Compliance up, tougher rules loom
Providers of CME are getting better at complying with accreditation criteria, several years' worth of data show, yet tougher criteria may be in store.
The proportion of CME outfits achieving accreditation with commendation has increased, from 3% in the November 2008 cohort to 28% in the July 2013 cohort, according to data discussed at ACCME's July board meeting and released in August.
Accreditation with commendation confers a six-year term; baseline is four years. The fact that roughly 17 providers out of 60 in the 2013 cohort scored the top-level accreditation suggests overall improvement.
“By putting these new criteria in place, [ACCME] is pushing providers to be better educators,” said Lawrence Sherman, SVP, educational strategy, Prova Education, an accredited shop.
Better compliance trends were also seen in the proportion of CME outfits receiving accreditation with a progress report—necessary when a provider is found not in compliance with an individual criterion. That number has dropped from 51% in the November 2008 cohort to 16 providers (27%) in the July 2013 cohort (out of the 31 that received basic accreditation). Still, nine other providers (15%) were placed on probation and must submit progress reports.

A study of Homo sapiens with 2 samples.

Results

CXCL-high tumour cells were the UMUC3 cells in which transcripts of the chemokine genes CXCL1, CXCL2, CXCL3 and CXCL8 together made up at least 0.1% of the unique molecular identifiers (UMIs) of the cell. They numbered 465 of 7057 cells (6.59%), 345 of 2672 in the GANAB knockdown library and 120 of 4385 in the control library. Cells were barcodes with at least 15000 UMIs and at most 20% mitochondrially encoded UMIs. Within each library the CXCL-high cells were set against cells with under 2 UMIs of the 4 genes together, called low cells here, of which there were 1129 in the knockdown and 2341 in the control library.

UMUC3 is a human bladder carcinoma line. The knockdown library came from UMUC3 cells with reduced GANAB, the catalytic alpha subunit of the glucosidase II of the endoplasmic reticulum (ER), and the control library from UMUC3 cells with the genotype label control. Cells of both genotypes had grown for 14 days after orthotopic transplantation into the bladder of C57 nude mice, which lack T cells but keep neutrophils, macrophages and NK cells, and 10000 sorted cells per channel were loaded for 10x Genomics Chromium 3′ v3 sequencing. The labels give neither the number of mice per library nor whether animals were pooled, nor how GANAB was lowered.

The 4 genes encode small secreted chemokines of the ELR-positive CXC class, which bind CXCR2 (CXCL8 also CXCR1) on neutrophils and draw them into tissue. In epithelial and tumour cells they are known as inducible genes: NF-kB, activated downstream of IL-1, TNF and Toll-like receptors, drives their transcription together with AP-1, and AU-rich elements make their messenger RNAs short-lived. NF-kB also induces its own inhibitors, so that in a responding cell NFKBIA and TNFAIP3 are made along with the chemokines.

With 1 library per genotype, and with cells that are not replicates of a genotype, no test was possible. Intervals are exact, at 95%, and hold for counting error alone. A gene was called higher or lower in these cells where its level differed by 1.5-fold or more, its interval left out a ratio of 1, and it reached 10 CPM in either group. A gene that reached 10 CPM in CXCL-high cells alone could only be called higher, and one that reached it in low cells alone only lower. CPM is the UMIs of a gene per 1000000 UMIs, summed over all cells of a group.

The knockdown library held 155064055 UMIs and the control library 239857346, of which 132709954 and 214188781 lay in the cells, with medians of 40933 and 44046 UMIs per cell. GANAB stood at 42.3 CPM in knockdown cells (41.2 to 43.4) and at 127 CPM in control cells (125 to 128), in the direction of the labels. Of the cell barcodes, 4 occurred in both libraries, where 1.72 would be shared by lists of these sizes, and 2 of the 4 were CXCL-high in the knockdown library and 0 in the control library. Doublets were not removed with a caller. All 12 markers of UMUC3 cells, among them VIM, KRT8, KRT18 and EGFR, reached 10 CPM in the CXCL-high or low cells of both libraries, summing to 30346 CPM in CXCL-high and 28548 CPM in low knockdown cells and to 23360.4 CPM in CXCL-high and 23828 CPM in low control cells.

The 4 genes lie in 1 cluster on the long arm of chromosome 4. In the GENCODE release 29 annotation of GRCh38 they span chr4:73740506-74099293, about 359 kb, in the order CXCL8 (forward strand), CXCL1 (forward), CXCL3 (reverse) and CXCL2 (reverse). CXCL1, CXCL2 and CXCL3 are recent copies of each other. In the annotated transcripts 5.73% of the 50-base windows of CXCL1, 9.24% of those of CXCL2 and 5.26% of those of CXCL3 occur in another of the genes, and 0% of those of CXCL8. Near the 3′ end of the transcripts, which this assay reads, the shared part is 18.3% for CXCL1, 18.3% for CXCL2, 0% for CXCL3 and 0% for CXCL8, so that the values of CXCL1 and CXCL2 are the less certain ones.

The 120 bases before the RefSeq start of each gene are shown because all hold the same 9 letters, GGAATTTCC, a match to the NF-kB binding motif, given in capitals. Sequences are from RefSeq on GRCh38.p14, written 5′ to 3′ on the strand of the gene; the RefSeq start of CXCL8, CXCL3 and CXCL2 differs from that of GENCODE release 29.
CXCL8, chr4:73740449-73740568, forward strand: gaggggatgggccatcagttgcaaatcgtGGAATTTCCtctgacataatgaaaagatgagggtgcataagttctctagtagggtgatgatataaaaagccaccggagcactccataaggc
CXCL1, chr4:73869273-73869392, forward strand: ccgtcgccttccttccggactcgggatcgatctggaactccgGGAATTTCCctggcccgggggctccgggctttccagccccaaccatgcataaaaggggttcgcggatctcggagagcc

One provider, who requested anonymity, attributed the progress-report decrease partially to understanding the criteria, and partially to improved compliance with the Standards for Commercial Support, rules for CME provider independence that manage potential bias.
Almost all ACCME-accredited providers (838 to date) have been reviewed under the tougher 2006 criteria, the ACCME said. Accreditation, or reaccreditation, requires compliance with 15 out of 22 possible criteria. For commendation, providers need compliance with all 22.The ACCME is considering a proposal to streamline the criteria and provide a “menu” of options that could lead to accreditation with commendation, many of which could be more challenging than the current formula.